If there was anything good to come out of the supply chain crunch caused by the pandemic, it was the emergence of smaller bike and component brands. Simply put, bike shops needed bikes. If you could get a bike to a shop floor, even as a newer brand, the shop owners were going to give you a shot.
They had to. No bikes, no sales. This scenario turned into a win-win for new bike brands and shops alike, plus consumers were treated to bikes they hadn’t seen a million times before. Many of these smaller brands were doing things that the larger bike brands simply weren’t doing.
Take, for example, breathing life into magnesium frames. Magnesium has long been a popular frame material on the fringes of the sport, but could it carry a line of a new bike brand? VAAST, a company based in Dayton, OH, is trying to find out.
Who Makes VAAST Bikes?
VAAST is made by a small company based in Dayton, Ohio. There’s only one shop in the area carrying the brand, although we think there’s a good chance you’ll see the line-up in other parts of the state soon.
I stumbled into Einstein Cycles as the pandemic began to wane and saw a new brand that I had never heard of before. I talked to Dave and Trevor about the bikes on the floor at the time but recently decided to do some digging. I’m glad I did. It turns out, VAAST is trying something pretty unique in the industry. They’re focusing on magnesium for their bike frames and have some pretty big claims as to the benefits of this choice.
If you’re interested in riding magnesium, VAAST makes off a small but effective line-up; an ebike, an “ALLROAD” (gravel in nonmarketing speak), a mountain bike, an urban cruiser, and youth-sized options for the groms.
For me, the most appealing bike in the line-up is easily the R/1 700C Force AXS. A magnesium frame, paired with AXS, clearance for up to 30mm tires, and carbon wheels for $5,000? Not a bad setup. Plus it looks the absolute business in the white paint job.
The Sustainable Bike Brand (Allegedly)
One other note about what makes VAAST a bit different than many other brands out there. They make a lot of claims on their site about how magnesium is a greener material than carbon or other metal frames. What I don’t see is a lot of data to support this. However, they do ship their bikes using plastic-free packaging. So, that’s a start towards sustainability, which should be applauded.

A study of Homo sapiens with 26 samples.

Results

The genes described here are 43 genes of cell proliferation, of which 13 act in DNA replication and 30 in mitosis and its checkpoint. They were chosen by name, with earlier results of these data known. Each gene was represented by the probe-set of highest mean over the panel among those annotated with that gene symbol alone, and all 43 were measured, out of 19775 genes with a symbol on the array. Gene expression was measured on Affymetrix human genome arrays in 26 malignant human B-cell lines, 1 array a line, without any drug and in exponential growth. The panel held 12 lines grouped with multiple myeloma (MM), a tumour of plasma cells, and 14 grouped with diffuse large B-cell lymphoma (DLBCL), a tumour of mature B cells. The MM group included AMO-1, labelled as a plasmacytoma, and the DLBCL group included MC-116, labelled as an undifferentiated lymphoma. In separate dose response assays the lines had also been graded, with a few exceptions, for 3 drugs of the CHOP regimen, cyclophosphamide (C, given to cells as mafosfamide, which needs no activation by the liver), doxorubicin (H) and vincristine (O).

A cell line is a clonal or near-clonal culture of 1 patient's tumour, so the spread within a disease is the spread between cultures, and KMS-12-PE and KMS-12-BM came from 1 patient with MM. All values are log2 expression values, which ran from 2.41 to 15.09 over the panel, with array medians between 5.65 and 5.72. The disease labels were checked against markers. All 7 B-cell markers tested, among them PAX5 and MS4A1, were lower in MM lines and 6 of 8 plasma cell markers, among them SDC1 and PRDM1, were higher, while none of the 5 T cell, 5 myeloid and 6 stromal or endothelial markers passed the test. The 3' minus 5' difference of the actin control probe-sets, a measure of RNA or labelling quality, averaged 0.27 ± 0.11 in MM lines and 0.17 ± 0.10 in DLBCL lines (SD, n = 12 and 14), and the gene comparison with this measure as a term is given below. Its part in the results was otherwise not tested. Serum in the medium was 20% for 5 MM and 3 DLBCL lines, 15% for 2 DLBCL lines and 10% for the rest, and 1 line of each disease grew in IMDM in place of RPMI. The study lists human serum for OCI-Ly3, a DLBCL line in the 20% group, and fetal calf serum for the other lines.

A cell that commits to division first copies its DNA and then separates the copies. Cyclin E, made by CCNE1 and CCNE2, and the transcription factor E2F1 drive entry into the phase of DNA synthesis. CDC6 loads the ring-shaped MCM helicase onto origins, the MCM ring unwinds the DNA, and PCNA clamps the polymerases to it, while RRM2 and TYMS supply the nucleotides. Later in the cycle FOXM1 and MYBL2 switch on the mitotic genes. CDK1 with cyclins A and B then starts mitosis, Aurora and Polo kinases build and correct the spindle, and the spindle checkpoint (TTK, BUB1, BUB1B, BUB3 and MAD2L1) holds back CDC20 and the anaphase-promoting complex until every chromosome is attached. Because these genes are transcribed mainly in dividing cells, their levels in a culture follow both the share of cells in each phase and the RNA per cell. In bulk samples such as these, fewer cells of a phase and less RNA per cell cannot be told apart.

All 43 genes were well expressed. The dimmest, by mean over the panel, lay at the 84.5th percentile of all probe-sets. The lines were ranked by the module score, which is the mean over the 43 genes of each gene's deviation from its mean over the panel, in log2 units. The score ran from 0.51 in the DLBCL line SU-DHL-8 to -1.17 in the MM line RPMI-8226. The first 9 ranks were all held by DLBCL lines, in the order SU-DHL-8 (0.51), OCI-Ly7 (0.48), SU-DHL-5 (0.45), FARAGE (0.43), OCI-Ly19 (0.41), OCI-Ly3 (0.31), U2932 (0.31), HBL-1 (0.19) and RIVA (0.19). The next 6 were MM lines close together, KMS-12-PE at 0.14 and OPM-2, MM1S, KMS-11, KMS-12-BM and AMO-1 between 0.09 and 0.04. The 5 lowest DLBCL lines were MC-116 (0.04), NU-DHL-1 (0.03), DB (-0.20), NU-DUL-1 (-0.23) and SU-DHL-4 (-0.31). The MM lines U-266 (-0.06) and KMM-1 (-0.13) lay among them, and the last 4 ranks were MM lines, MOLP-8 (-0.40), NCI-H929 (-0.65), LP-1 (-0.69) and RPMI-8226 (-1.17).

I did track down some information that substantiates their claims about being a green bike manufacturer if you want to take a look. I think they should include more of this data on their site, as it’s pretty insightful.
Without having ridden a VAAST, I can’t say too much about their quality, their comfort, or their fit. But can we just appreciate, for just a moment, that there’s a bike brand trying something unique as far as frame materials? It’s a heck of a time for smaller brands who are trying something new – VAAST, Allied, Batch, and a host of others have used the supply chain issues the larger brands have been facing to show consumers something unique. I think that’s worth celebrating.
While the supply chain shortages of 2020-2021 allowed smaller brand a foot in the shop door, the resultant supply “overshoot” may throw up some challenges. Almost every dealer in Traverse City has current model year bikes on sales; pre-COVID, that would have been unheard of.
Dealer agreements with large brands usually stipulate at least some sales requirements that limit revenue from other brands. The combination of oversupply and those sales requirements could make it tough for VAAST bikes and other small brands to hold onto their slice of the bike shop sales floor.
Let us know in the comments if you’re interested in magnesium bikes or whether you think small brands can hold onto their newfound importance!